Each year, the University of Montana Alumni Association recognizes alumni who have brought honor to the University through service and leadership in a variety of industries. This year, five UM alums will receive Distinguished Alumni Awards for expanding the boundaries of cultural preservation, transportation, business, healthcare sustainability and education.
Miami Tribe of Oklahoma member Daryl Baldwin ’96, M.A. ’99, of Liberty, Indiana, has influenced the field of linguistics for his work to revitalize the “sleeping” language of Myaamia. Through analyzing archival materials, building on linguistic reconstruction and even raising his family with the language, Baldwin revived the language despite the absence of native speakers – which earned him a “Genius Award” from the MacArthur Foundation in 2016. He now serves as director of Miami University’s Myaamia Center, an internationally recognized research center he founded in 2001 to help preserve the language and culture. His leadership in other organizations, such as the Endangered Language Fund, has given hope to Native cultures whose languages are in danger of not being passed on. Baldwin also works as director of the National Breath of Life Archival Institute for the Indigenous Languages of North America.
Lana Richards Batts ’68, of Lakeside, has blazed her path as a leader in the male-dominated trucking industry. For 20 years, her work as senior vice president of government affairs for the American Trucking Associations transformed its large lobbying staff into a powerhouse. After serving as president of the Truckload Carriers Association, Batts started her own mergers and acquisitions firm, Transport Capital Partners, and in 2011 co-founded the fast-growing trucking background screening company, Driver iQ. She became the first female and non-multimillionaire to earn the top award of the trucking industry in 1994 – the S. Earl Dove Award – twice was named Woman of the Year by the Women’s Transportation Seminar and also was the first female recognized with the Professional Truck Driver Institute’s Lee Crittenden Memorial Award in 2006. She is widely sought-after as a spokesperson for the trucking industry today.
Dennis Eck ’67, of Corona del Mar, California, has improved multiple organizations through technology, unique business solutions and education. While enjoying a successful grocery retail career, he developed an education program for employees at Coles Myer, Australia’s largest retailer, as well as community outreach programs to bring high school dropouts back to full employment and education. Eck earned Australia’s Astute Business Leader of the Year title in 2000. Under Eck’s direction, the U.S. company Ulta Salon Cosmetics & Fragrance experienced extensive growth from 100 to 1,400 stores. Eck and his wife have supported women in business and politics through multiple causes and funded a program with the University of California Irvine to save the hair of women undergoing chemotherapy. At UM, the Ecks have contributed more than $8 million to renovate the Liberal Arts Building and created the Native American Scholarship Fund and the NEW Leadership Program.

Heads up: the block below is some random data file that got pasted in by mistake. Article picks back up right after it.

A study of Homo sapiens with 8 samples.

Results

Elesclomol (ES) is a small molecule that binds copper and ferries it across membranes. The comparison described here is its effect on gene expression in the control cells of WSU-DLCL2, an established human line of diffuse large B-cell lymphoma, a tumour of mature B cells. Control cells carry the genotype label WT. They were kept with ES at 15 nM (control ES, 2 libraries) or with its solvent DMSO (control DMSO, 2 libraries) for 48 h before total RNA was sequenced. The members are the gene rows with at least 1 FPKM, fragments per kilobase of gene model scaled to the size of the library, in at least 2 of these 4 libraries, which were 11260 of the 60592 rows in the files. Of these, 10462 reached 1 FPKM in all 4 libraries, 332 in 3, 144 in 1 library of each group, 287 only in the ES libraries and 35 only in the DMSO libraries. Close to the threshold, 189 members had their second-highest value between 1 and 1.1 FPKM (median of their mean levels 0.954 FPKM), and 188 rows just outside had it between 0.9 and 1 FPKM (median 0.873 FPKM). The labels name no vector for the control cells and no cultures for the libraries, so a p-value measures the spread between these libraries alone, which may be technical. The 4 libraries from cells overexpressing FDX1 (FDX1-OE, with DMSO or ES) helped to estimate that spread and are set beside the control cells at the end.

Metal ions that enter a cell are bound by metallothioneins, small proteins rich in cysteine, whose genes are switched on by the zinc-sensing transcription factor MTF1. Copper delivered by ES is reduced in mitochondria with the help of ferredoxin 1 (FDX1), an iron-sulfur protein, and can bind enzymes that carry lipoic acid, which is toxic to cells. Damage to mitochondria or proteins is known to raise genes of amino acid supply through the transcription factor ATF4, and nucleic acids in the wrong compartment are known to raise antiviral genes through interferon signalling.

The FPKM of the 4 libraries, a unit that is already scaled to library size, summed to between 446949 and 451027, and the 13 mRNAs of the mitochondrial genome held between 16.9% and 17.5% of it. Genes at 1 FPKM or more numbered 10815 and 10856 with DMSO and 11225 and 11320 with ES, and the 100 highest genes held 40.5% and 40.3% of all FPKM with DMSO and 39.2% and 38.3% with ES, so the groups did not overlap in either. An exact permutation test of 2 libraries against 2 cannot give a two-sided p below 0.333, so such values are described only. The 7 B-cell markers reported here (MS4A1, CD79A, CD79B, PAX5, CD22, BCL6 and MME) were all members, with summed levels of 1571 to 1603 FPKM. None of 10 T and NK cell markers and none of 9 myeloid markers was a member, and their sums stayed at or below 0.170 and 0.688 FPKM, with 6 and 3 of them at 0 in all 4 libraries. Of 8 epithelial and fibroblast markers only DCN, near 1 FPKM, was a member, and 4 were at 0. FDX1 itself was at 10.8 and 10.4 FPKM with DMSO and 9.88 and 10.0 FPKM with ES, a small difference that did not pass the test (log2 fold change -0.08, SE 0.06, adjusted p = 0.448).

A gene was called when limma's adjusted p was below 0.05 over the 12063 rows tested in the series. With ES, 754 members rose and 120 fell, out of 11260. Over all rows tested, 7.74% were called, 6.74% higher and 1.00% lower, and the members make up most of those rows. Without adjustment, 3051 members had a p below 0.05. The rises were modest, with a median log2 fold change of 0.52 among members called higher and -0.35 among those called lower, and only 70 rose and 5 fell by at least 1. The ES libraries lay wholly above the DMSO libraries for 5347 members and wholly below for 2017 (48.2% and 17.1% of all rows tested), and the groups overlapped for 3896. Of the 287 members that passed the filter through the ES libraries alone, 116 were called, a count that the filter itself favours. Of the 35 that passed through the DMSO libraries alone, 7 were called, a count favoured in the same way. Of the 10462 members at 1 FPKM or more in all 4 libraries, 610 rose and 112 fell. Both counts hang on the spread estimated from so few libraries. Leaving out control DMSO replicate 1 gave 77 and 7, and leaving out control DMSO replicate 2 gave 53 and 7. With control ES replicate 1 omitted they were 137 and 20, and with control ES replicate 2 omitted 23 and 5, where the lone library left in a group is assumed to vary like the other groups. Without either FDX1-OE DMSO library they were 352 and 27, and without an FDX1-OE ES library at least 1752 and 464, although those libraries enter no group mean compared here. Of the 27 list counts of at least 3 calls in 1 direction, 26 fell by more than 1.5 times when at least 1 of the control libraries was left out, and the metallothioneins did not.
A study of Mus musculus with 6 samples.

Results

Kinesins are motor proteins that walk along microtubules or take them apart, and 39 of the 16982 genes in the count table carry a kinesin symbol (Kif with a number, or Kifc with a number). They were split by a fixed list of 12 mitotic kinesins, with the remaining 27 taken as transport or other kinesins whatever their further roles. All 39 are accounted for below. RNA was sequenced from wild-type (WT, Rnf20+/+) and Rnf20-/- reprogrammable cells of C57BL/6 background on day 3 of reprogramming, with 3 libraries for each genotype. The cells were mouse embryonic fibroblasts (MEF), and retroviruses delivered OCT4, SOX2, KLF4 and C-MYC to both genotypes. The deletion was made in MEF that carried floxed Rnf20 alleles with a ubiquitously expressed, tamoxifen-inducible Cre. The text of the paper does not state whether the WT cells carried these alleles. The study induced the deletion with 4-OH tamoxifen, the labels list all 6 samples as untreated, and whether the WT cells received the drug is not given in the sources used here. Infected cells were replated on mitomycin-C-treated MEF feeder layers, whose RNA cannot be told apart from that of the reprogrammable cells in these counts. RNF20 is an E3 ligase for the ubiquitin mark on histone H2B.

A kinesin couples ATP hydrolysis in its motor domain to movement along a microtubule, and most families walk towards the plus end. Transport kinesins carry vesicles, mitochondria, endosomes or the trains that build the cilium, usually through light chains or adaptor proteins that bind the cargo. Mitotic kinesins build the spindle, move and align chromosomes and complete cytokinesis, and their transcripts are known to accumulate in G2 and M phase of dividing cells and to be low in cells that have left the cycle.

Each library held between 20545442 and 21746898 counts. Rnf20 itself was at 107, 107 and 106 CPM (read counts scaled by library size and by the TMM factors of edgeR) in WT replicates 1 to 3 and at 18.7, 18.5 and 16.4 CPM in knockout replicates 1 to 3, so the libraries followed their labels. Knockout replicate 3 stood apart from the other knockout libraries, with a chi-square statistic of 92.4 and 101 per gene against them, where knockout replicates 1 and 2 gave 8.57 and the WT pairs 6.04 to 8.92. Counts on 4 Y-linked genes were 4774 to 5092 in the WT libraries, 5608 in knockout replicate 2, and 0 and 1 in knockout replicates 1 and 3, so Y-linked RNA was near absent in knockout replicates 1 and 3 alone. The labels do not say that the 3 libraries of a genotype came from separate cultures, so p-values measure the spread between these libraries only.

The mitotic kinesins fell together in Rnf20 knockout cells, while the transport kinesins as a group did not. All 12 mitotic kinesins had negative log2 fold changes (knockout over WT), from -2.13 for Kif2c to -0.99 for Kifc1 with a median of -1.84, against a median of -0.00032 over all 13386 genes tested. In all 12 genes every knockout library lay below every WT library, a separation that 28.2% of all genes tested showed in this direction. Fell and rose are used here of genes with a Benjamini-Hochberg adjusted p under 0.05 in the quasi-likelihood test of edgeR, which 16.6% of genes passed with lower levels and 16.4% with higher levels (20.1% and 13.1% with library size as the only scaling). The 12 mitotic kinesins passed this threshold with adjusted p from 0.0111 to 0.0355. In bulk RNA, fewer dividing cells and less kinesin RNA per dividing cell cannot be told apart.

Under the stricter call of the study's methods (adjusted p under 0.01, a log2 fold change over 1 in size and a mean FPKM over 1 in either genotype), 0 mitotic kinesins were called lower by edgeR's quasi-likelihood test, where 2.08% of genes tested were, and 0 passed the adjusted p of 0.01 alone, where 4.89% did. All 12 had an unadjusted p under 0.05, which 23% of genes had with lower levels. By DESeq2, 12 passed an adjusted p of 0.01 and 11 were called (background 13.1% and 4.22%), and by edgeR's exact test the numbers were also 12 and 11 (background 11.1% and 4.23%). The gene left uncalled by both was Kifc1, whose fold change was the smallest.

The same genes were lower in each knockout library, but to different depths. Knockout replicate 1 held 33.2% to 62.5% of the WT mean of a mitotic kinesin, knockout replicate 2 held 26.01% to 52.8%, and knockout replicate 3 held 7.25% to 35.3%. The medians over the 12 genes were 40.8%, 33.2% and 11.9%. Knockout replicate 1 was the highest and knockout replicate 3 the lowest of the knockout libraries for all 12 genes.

During her 34 years as a nurse, Elizabeth “Beth” Schenk ’81, of Missoula, has led the way for sustainability in health care. Through her work in multiple positions at Providence St. Patrick Hospital in Missoula, she has spearheaded environmental stewardship efforts to reduce healthcare-generated pollution, saving nearly $1 million annually. Schenk created one of the first hospital workplace recycling programs in 1992, and her innovation has led the way for pollution reduction plans within the Providence St. Joseph Health system – the third largest nonprofit health system in the nation – and development of the Nurses Environmental Awareness Tool, used across the country and internationally. She serves on multiple professional and volunteer boards and is an American Academy of Nursing Fellow and assistant research professor at the Washington State University College of Nursing. Schenk also is a founding member of Montana Health Professionals for a Healthy Climate.
Mandy Smoker Broaddus, M.F.A. ’03, of Helena, is an educational advocate for Native Americans, humanities leader, consultant and well-known writer. She also is a member of the Assiniboine and Sioux Tribes of Montana’s Fort Peck Reservation. As director of Indian education for Montana’s Office of Public Instruction for 9 years, she earned multiple recognitions for her efforts to improve access and close achievement gaps for American Indian students. Some of these include the 2015 National Indian Education Association Educator of the Year award, nomination to the National Advisory Council on Indian Education by President Barack Obama in 2016 and the Montana Governor’s Award for Excellence in Performance in 2017. A published poet and Emmy-award winner, Smoker Broaddus just was appointed to serve as one of two poet laureates for the state of Montana. She now practices as a regional Indian educational consultant throughout the Pacific Northwest.